Behavioral Health Connection program seeks community investment
Since its start four years ago, Behavioral Health Connection has helped thousands of people access mental health and substance use services.
The free program connects individuals with existing services in the community, such as psychotherapy, support groups and psychiatric care. Behavioral health connectors assist individuals and families in identifying the type of support they need and helping them access it.
“We are connecting people with services that patients and families may not know about or cannot access,” says David Cates, PhD, director of Behavioral Health for Nebraska Medicine. “In addition, we help families overcome obstacles to accessing care, such as lack of transportation, housing instability and being uninsured.”
The program began after Jay Noddle, president and CEO of Noddle Companies, and his family struggled to identify mental health services for a family member. They subsequently approached Nebraska Medicine and helped launch Behavioral Health Connection.
“People don’t know where to start when faced with behavioral health challenges,” Noddle says. “We lived it ourselves, and realized everyone needs a single source that can provide direction and is easily accessible, well known and free.”
The Noddle family’s challenges in finding help are not uncommon, according to Dr. Cates. “Even individuals with access to resources can struggle to identify the right supports among a bewildering array of programs, services and provider types,” he says.
The program has received over 11,000 requests for help from over 7,000 individuals. As word has spread, callers from as far as California have requested information, though most individuals served live in eastern Nebraska and western Iowa.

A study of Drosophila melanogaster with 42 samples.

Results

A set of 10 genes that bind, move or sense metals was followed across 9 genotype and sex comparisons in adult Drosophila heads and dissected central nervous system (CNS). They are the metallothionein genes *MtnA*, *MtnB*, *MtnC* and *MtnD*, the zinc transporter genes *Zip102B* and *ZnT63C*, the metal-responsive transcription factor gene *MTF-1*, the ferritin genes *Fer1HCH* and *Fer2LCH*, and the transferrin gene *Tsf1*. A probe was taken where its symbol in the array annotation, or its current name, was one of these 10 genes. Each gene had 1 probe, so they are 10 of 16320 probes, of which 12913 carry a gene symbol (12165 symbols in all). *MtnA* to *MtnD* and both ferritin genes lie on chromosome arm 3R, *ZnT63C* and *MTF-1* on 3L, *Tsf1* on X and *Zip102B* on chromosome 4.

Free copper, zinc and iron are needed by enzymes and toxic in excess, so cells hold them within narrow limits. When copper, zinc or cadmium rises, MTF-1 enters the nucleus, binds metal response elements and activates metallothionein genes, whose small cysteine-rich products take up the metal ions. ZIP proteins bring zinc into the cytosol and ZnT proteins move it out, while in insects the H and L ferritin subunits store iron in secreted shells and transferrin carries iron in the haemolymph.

In contrast to social workers or case managers, who typically work with patients within a health care system, the program does not require individuals to be Nebraska Medicine patients.
“Anyone can call, and we will help them,” Dr. Cates says. “You don’t need to be in treatment with us or with anyone in order for us to help.”
Until now, Behavioral Health Connection has been funded by a partnership between the Noddle family and Nebraska Medicine. However, expanding funding sources will allow the program to grow, Noddle says.
“There is a limitation to what any individual, family or institution can do on their own,” he says. “There is a huge need for this program; we have proof of concept and know this works. Now, it’s time to expand the program and including other funders is critical to meeting this goal.”
Emily Tiensvold, senior director of development, clinical programs, University of Nebraska Foundation agrees and adds, “With additional donations, we can maximize the program's reach and effectiveness.”
As an example, Tiensvold points to the program’s involvement with the Nebraska Medicine Community Wellness Collaborative in North Omaha. At the new center, a behavioral health connector will regularly provide presentations on mental health resources.
“More funding could provide additional services at this location or in other under-resourced areas,” she says. “We are actively working to make sure Behavioral Health Connection is sustainable in the long term.”